Tax time: Should you itemize deductions?

As you prepare your tax return, you may wonder: Should I itemize deductions? Generally, you’ll want to itemize if it will allow you to deduct more expenses than the standard deduction—which is a fixed amount generally based on your filing status. Below are a few questions to get you started. Keep in mind, there are a lot of deductions out there, so check with a tax accountant or head to the IRS website if you think you may qualify for more.

1

Did you pay mortgage interest and property taxes on your home?

Generally, if the mortgage on your main or second home is under $750,000,1 the interest you pay is tax-deductible. You may also be able to deduct the interest you pay on home equity lines of credit used to improve the home that secures the loan. Property and real estate taxes may also be deductible up to a certain amount.

Caution: Deductibility depends on the use of the funds and should be determined by a tax advisor. Property taxes on rental or business properties cannot be deducted by itemizing, though they may be deductible as business expenses.

2

Did you pay significant out-of-pocket medical expenses?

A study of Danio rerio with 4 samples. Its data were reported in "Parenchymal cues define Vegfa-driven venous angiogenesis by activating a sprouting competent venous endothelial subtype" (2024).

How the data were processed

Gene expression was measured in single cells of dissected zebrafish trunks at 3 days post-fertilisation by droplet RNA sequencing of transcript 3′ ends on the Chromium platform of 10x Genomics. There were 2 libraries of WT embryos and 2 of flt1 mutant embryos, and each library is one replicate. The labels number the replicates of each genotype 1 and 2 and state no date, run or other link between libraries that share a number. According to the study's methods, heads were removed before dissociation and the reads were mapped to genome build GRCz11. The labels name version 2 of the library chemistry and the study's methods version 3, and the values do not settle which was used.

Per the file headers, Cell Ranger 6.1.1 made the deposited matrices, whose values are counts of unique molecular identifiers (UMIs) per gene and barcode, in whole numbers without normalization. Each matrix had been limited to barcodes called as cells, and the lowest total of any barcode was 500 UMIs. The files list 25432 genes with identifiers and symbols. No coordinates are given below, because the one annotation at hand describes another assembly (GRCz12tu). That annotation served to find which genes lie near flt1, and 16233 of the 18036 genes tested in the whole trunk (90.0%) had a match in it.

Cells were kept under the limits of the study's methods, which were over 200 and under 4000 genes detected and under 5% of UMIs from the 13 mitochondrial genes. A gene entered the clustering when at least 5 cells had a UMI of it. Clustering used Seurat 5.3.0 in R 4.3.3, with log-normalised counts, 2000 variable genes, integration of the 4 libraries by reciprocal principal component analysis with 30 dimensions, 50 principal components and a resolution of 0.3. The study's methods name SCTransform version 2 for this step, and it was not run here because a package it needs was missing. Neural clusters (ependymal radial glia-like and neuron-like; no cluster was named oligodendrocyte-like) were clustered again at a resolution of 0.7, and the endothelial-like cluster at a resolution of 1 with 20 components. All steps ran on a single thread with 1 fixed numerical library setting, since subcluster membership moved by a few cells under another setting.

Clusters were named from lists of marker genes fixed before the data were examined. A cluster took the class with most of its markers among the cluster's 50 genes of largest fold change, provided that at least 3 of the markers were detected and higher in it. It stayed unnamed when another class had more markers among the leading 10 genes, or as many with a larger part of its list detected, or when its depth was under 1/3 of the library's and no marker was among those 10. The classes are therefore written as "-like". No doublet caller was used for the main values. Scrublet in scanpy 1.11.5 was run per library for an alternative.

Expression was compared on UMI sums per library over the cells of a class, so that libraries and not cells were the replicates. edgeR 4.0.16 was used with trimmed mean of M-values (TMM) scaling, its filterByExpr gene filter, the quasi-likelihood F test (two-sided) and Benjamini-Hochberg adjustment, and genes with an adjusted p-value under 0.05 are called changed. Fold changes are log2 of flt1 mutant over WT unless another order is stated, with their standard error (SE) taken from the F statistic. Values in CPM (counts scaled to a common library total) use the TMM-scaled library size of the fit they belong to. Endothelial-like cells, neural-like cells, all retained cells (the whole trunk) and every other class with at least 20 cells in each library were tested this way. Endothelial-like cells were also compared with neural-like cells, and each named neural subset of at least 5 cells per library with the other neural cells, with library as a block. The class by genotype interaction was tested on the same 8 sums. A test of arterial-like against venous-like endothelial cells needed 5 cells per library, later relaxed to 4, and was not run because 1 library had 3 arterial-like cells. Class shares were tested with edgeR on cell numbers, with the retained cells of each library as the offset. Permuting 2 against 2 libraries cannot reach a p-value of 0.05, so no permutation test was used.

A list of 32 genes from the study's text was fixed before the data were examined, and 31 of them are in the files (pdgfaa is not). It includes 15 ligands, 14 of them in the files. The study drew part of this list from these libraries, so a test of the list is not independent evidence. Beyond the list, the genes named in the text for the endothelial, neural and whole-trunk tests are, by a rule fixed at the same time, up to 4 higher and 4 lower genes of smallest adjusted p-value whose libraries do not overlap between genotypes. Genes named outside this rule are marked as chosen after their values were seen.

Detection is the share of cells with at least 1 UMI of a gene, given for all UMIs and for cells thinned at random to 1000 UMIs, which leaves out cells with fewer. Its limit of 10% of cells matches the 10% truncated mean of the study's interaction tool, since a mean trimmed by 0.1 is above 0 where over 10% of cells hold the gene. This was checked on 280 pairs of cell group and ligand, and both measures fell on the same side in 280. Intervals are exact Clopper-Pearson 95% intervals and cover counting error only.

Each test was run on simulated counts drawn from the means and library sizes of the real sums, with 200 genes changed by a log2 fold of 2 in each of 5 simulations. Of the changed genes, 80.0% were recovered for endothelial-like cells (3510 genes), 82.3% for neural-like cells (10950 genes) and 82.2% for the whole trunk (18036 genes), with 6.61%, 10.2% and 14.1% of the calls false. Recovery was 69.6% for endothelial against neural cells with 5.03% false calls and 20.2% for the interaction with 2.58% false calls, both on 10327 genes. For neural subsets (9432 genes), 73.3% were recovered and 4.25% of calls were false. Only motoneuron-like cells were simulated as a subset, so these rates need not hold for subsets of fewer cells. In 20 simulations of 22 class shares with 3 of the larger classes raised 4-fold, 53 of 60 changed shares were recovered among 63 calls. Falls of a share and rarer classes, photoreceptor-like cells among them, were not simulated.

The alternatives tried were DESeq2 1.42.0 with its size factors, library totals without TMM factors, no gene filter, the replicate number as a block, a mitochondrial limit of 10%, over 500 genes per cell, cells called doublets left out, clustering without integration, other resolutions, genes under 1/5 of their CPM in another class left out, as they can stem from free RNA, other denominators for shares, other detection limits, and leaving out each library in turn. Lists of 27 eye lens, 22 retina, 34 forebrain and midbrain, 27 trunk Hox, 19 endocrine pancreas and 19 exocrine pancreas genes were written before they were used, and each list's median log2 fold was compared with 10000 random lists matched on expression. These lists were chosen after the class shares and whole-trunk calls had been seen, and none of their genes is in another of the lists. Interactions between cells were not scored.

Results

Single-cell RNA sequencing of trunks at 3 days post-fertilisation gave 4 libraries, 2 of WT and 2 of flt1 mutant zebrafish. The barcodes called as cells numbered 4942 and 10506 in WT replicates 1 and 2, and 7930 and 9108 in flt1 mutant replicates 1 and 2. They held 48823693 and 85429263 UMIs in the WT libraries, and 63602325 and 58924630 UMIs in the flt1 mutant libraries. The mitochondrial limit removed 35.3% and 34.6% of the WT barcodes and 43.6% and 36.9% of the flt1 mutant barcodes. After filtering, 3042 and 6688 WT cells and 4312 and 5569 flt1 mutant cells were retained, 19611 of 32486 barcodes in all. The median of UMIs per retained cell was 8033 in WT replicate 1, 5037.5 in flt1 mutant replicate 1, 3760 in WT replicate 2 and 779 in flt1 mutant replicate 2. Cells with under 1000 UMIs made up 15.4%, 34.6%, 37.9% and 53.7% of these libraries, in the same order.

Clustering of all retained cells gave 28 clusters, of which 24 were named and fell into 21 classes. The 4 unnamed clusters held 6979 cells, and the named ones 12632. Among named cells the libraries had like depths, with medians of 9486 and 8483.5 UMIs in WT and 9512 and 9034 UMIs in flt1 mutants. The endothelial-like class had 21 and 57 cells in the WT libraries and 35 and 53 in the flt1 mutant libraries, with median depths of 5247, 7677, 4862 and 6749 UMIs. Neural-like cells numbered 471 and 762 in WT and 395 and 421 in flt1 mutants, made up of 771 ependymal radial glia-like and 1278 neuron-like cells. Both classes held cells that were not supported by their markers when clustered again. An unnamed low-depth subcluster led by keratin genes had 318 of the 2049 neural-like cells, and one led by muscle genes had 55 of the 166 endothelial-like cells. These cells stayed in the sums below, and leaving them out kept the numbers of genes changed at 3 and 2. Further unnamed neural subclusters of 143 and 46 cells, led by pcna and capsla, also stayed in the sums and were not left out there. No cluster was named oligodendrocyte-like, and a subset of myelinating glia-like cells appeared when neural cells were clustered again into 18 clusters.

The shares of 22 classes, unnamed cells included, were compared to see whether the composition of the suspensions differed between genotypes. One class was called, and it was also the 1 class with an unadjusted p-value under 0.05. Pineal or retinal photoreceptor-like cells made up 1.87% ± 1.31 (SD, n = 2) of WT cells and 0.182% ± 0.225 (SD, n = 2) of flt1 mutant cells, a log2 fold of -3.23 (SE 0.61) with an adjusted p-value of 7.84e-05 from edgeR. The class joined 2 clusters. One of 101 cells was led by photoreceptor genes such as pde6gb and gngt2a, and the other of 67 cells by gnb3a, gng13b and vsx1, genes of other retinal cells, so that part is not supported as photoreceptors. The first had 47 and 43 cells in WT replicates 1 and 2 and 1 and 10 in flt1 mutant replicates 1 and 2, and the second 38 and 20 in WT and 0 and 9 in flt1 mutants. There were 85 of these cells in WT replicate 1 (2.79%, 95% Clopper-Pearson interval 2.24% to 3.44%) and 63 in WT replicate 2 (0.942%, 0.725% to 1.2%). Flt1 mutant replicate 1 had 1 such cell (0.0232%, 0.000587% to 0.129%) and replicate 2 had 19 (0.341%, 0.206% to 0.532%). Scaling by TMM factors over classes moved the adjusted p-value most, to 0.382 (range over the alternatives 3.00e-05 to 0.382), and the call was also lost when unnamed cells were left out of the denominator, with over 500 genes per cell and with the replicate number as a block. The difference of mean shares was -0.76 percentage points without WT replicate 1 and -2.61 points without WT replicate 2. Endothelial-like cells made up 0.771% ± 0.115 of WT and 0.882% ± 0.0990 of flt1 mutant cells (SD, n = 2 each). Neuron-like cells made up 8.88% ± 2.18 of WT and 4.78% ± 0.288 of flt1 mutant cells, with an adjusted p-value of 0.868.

If you have medical expenses that exceed 7.5 percent of your adjusted gross income for 2018 (the threshold rises to 10 percent for 2019), you may be able to deduct them. Qualified expenses include preventive care, surgery, dental work, vision care, prescription medications, hearing aids and more.

Caution: You cannot deduct expenses that were reimbursed by your insurance company or employer. You also cannot deduct anything paid for using a Flexible Spending Account (FSA) or Health Savings Account (HSA), because that money is already untaxed.

3

Did you make contributions to a qualified charity?

Gifts and donations to IRS-approved nonprofit groups are tax-deductible. The IRS counts everything from cash gifts, cars and household items to stocks and real estate as acceptable donations. In order to have your contribution recognized by the IRS, be sure to keep receipts, bank records or written communications that contain the name of the organization as well as the date and amount of the contribution.

Caution: Make sure the organization you are donating to is considered a tax-exempt charitable organization by the IRS.

4

Did you work from home?

If you’re self-employed, or fit a few other narrow conditions set by the IRS, you may qualify for tax benefits such as a home office deduction if you worked from home. Generally, the deduction amount is based on the size of the workspace.

Caution: The definition of home office is very narrow, and rules around claiming the deduction are very strict. For example, the area where you do business must be used exclusively for work-related activity.2

  1. If your filing status is married filing separately, this level is $375,000. Mortgages on homes purchased on or before April 1, 2018, may have a different limitation amount.
  2. Exceptions to this rule include using your home office as a day care or using it to house inventory.